Whether you’re planning a weekend with your closest friends or a bonding experience with your extended family, group vacations can make travel more fun and less expensive. However, finding a way to split expenses fairly can quickly turn a dream vacation into something closer to a tax audit—complete with an itemized expense report detailing every chip eaten and soda sipped. Don’t worry—divvying up the dollars doesn’t have to be as difficult as it sounds. Let’s go over a few techniques and some helpful tips for making group vacations go as smoothly as possible.

4 Ways to Split the Bill

Everyone pays exactly the same amount. Add up the total cost of the trip and divide by the number of people in attendance. It’s that simple. This generally works well for shorter trips where everyone had similar spending and usage habits. You might even agree to contribute all the money ahead of time to ensure you all spend the same amount.

Divide by days or nights stayed. Calculate the total cost of the trip and divide it by the total number of days. This creates an equal rate per day. Then just multiply that per-day rate by the number of days each person stayed to determine their contribution.

Divide each day’s costs separately. Calculate the total cost of the trip, divide by the number of days and from there, divide each day’s cost by how many people were there at the time. It makes days with fewer people more expensive, and the packed days more affordable. This method works best for places rented on a nightly basis or when the number of vacationers fluctuates throughout the trip.

Divide by room. Calculate the total cost of the trip, divide by the length of the trip and from there, divide each day’s cost by each occupied room. This way, a person with a room to him/herself pays more than two people sharing a room. You might use this method when sharing a house with couples and singles.

Of course, these methods work best for dividing the cost of lodging. Dividing the other costs might necessitate tweaks to these methods to make repayment easier to manage. For example, if you’re looking to evenly divide the cost of everything, you could assign each person to a different expense. So, all food payments might be covered by Bill, and all gas costs might be paid by Joe. Then, once the trip has wrapped up, those costs can be evenly divided between everyone for repayment. Another cost-splitting option is pooling together money into one prepaid debit card that everyone uses for group expenses.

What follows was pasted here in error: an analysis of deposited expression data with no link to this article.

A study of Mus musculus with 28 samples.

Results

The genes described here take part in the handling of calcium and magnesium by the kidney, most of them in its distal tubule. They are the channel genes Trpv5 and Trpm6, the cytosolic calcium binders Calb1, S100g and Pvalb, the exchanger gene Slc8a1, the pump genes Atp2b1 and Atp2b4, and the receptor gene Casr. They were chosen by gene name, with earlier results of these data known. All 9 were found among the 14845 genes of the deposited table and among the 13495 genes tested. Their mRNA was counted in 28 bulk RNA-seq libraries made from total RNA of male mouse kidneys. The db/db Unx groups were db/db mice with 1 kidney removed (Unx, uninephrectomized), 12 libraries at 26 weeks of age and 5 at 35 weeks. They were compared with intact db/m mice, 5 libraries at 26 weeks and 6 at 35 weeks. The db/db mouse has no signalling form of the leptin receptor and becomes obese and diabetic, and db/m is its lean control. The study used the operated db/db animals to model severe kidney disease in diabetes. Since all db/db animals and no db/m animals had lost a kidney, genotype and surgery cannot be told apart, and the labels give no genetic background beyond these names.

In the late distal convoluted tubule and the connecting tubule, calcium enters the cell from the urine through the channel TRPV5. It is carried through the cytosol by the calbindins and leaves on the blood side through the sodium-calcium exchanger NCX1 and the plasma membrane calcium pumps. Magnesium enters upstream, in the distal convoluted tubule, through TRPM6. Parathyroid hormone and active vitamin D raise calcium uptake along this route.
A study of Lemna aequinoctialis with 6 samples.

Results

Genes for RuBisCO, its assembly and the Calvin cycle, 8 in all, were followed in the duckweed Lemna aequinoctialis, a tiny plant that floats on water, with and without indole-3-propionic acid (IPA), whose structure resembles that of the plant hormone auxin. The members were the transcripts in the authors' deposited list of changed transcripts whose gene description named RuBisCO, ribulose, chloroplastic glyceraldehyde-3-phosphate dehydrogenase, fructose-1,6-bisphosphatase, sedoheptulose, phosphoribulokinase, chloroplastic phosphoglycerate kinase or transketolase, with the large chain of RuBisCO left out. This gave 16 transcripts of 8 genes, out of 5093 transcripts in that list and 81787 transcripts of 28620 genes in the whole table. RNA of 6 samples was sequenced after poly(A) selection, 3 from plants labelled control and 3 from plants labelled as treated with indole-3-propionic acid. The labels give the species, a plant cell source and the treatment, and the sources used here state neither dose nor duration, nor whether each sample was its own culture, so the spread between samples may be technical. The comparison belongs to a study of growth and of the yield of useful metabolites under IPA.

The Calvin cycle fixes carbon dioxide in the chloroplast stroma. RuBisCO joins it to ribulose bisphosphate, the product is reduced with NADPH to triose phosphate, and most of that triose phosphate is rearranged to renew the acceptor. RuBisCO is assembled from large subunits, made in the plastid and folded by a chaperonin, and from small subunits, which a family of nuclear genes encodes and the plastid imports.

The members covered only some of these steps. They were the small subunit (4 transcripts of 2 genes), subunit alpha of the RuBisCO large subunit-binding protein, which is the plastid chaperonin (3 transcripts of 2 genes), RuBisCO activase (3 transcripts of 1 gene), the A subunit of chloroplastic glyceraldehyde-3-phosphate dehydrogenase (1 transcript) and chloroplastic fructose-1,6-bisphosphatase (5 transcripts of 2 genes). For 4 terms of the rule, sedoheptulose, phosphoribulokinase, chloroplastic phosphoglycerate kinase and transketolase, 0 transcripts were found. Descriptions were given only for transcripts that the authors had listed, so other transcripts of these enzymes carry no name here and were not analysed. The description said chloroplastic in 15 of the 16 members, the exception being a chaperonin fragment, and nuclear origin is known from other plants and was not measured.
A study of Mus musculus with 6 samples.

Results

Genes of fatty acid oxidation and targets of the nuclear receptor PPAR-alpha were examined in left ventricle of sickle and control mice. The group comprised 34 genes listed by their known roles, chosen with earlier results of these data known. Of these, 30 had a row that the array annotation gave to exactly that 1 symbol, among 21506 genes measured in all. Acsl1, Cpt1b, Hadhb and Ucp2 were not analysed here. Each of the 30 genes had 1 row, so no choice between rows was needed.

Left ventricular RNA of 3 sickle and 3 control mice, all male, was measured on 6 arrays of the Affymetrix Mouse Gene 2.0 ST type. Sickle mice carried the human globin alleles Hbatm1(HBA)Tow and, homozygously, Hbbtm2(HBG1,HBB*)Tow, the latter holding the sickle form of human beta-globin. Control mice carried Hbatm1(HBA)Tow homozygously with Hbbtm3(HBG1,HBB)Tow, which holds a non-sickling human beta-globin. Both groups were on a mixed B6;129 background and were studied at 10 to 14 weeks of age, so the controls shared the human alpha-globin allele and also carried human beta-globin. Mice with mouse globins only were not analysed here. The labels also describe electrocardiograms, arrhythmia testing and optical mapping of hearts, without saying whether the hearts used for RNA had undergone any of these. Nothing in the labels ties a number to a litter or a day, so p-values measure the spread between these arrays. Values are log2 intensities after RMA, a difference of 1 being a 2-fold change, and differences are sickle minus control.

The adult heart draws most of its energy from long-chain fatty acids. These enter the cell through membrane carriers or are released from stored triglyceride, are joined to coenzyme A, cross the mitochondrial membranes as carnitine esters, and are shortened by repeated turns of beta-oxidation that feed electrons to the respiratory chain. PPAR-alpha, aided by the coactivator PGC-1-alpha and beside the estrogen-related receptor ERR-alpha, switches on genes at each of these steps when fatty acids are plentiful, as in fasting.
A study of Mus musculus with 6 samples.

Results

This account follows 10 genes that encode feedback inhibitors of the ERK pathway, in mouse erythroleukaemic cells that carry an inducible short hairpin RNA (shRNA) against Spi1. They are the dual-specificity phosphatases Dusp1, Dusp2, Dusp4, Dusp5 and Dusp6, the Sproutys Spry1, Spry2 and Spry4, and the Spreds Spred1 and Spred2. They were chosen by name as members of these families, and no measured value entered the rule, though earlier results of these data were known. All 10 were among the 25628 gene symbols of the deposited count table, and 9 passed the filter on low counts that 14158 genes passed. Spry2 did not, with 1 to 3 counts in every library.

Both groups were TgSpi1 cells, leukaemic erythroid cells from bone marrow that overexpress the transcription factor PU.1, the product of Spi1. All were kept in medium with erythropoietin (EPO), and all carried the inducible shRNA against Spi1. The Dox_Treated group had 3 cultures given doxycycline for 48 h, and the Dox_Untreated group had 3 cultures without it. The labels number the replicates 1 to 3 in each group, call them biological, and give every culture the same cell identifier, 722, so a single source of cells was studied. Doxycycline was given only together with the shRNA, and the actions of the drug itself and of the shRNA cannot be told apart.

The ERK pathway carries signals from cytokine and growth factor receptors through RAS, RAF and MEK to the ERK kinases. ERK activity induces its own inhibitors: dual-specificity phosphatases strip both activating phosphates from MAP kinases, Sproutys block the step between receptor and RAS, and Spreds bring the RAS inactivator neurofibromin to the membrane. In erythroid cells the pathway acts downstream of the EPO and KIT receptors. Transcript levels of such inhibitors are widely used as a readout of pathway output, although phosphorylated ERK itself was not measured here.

3 Tips for Group Vacations

Determine a budget ahead of time. Have a discussion and agree upon a mutual budget. It’s very easy to overspend if everyone has different—and conflicting—spending habits. Planning ahead of time and as a group can help reduce costs and disagreements over money.

Set a payment deadline. Most cost-splitting methods will mean at least one person will owe someone else, but it’s easy for repayments to get delayed and even forgotten. Avoid becoming a debt collector by agreeing on a deadline for repayments. Some websites and apps can even create automatic payment reminders. Learn how to transfer money between your Navy Federal account and a friend’s account.

Go with others who spend like you. If you’re a coupon-clipping, frugal sort of shopper, you’ll probably have trouble working on a mutual budget with somebody who tends to splurge or buy things full price. So when planning for your group vacation, discuss early on what types of things you want to do as a group and where you want to go together. By doing so, you can hopefully avoid any surprises and misunderstandings that might stem from taking on unexpected costs.

Don’t let money woes spoil the fun of your group vacation. Whether you want to head to the beach, the slopes or somewhere in between for your next getaway, consider encouraging each member of your party to start saving money now specifically for your vacation. You can even learn more about Navy Federal’s savings options to help your group be financially ready to travel.